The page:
Safety Overview

Safety and participant comfort is the first priority in all our programs, and nearly 150,000 students have safely enjoyed participation in award-winning RiverWatch School Programs since 1995.

Our remarkable safety record represents approximately 800,000 student hours and more than a million student kilometers in rafts without any safety incident requiring EMS 911 emergency medical services.

RiverWatch rafts are used to transport participants along a ten-kilometer section of their local river, with participants providing the paddling power. Everyone is kept safe and comfortable through a combination of policy, procedures, information, equipment and training.

Weather Guidelines

While student comfort and safety are always top priority, not every day outdoors is sunny, dry or warm — that’s the nature of field science!

  • On inclement days, students are kept as warm as possible by using a combination of physical activity, raincoats, life jackets and heated shelters for lunch.
  • Trips may be modified or shortened in the event of light rain, some cold or some wind but usually not cancelled.

Forecasts can change or be inaccurate, so as often as possible, it’s best to make cancellation decisions right up until early morning of the trip day. Considerations that can modify, shorten or cancel a trip include:

  • Morning temperatures at 10 a.m. below 1 ºC or below 7 ºC on rainy days
  • Afternoon temperatures not reaching 5 ºC
  • Steady rain, significant on-the-ground snow or strong winds

Weather Guidelines

RiverWatch participants are not required to be comfortable swimmers – the safest place to be is seated inside a raft or standing on-shore while always wearing a life jacket.

  • Life jackets are worn at all times on-river and along shorelines.
  • A safety briefing is given prior to boarding rafts.
  • There is a qualified and experienced guide in each raft who is certified to Transport Canada commercial rafting standards.

RiverWatch raft trips use the easiest Grade I rivers with clear navigation and three main river hazards.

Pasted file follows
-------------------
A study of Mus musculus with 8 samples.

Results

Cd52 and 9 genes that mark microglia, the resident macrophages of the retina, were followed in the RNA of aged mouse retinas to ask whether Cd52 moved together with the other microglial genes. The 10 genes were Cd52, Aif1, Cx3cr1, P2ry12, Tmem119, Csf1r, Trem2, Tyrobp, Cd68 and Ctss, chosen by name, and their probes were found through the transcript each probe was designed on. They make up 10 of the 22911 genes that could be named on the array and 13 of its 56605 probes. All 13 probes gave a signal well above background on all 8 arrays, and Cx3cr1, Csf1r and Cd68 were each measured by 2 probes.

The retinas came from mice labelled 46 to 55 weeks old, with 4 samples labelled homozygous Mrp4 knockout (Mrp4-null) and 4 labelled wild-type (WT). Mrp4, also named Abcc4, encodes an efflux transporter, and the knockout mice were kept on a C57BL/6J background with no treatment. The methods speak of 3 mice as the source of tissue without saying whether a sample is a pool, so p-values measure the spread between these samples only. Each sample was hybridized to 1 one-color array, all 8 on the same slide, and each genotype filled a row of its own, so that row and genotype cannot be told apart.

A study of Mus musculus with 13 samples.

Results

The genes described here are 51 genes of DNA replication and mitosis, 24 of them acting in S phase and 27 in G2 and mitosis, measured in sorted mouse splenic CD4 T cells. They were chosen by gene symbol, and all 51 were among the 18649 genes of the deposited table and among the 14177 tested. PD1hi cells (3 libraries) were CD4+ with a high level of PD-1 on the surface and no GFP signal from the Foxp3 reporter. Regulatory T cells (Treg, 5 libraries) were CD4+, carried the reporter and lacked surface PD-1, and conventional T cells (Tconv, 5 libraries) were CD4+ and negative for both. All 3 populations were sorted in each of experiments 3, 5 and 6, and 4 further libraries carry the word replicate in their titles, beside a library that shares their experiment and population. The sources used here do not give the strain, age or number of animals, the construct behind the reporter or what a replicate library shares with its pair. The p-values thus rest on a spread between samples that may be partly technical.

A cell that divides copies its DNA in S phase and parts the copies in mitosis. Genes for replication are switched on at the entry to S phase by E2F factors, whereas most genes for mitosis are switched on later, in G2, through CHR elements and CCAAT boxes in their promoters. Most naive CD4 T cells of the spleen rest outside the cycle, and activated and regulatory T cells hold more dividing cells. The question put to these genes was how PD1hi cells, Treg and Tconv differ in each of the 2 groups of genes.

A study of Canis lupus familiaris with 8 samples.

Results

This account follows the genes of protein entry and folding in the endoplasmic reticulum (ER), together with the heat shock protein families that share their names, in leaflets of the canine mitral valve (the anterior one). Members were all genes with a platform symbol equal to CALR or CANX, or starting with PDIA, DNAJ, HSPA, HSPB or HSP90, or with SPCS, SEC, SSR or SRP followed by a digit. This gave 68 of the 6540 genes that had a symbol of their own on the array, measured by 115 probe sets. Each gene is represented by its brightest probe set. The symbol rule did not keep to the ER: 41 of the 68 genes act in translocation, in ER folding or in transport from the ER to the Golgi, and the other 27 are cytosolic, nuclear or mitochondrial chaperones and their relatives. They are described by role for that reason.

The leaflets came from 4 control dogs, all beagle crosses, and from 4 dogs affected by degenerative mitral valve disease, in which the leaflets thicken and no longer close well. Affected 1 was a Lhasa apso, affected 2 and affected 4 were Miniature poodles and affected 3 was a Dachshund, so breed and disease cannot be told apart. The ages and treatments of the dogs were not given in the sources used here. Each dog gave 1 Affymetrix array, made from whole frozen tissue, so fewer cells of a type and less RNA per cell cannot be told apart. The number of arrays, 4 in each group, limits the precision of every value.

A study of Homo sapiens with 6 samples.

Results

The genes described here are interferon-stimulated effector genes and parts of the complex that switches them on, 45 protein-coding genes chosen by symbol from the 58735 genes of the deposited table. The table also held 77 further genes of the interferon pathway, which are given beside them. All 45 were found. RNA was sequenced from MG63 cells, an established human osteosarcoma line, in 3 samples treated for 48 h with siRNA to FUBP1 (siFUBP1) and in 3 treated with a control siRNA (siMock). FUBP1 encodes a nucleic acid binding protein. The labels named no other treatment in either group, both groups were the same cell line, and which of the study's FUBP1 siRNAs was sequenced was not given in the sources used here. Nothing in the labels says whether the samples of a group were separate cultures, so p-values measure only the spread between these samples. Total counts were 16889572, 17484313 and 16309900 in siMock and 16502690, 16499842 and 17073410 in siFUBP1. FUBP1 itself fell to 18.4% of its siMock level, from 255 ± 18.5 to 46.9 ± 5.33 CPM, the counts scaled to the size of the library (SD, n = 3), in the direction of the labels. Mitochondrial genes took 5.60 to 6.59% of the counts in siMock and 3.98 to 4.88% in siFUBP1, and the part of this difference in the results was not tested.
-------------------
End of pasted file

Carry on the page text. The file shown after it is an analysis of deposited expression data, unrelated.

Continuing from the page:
• Rocks – mid-river rocks and bridge pillars
  • Wood – fallen and/or submerged shoreline trees
  • Falling Overboard – not likely, but possible

River hazards are controlled in the following manner:

  • Rocks and Wood – participants listen to the guide’s commands and paddle as asked
  • Falling Overboard – participants grab the raft lifeline or an extended paddle and do not stand-up

Riverwatch Safety Equipment

Large professional-sized rafts are used for a stable platform from which to view the river. Additionally, RiverWatch provides:

  • Type V personal flotation devices (life jackets) as mandated by Transport Canada and the Coast Guard.
  • Approved and properly-fitted life jackets worn at all times on or near the water.
  • A pre-trip safety briefing on how to fit a life jacket, prevent incidents and handle emergencies.
  • Chemistry lab safety during water quality testing as required in all laboratories – safety glasses, garbage containers, liquid waste collection bottles, broken glass container, first-aid kit and eyewash.
  • Rubber boots and raincoats for use in cool or wet weather.

Informed Consent

For RiverWatch school programs, detailed pre-trip information is provided through the school describing “who, what, where, when and how”.

  • Parents acknowledge that all water activities are associated with some risk and grant permission to participant based on informed consent.
  • All our programs include a pre-trip on-site safety briefing to explain trip logistics, hazards and safety response.

Riverwatch Guide

RiverWatch guides are trained to Transport Canada Commercial Rafting Standards.

  • Guides have Standard First Aid certification and/or may also have Wilderness First Aid, National Lifeguard Society, Swift Water Rescue or Emergency Medical Responder training.
  • All river guides have lifetime experience with paddling canoes or kayaks and receive pre-season raft training to Transport Canada commercial rafting standards.

Informed Consent

After more than 800,000 student hours and more than a million student kilometers in rafts, there has never been a RiverWatch safety incident requiring EMS 911 emergency medical services.

  • RiverWatch guides carry an emergency responte plan, first aid kit, rescue rope, dry spare clothing and a cell phone.
  • RiverWatch operates within urban centres that have calling access to EMS 911.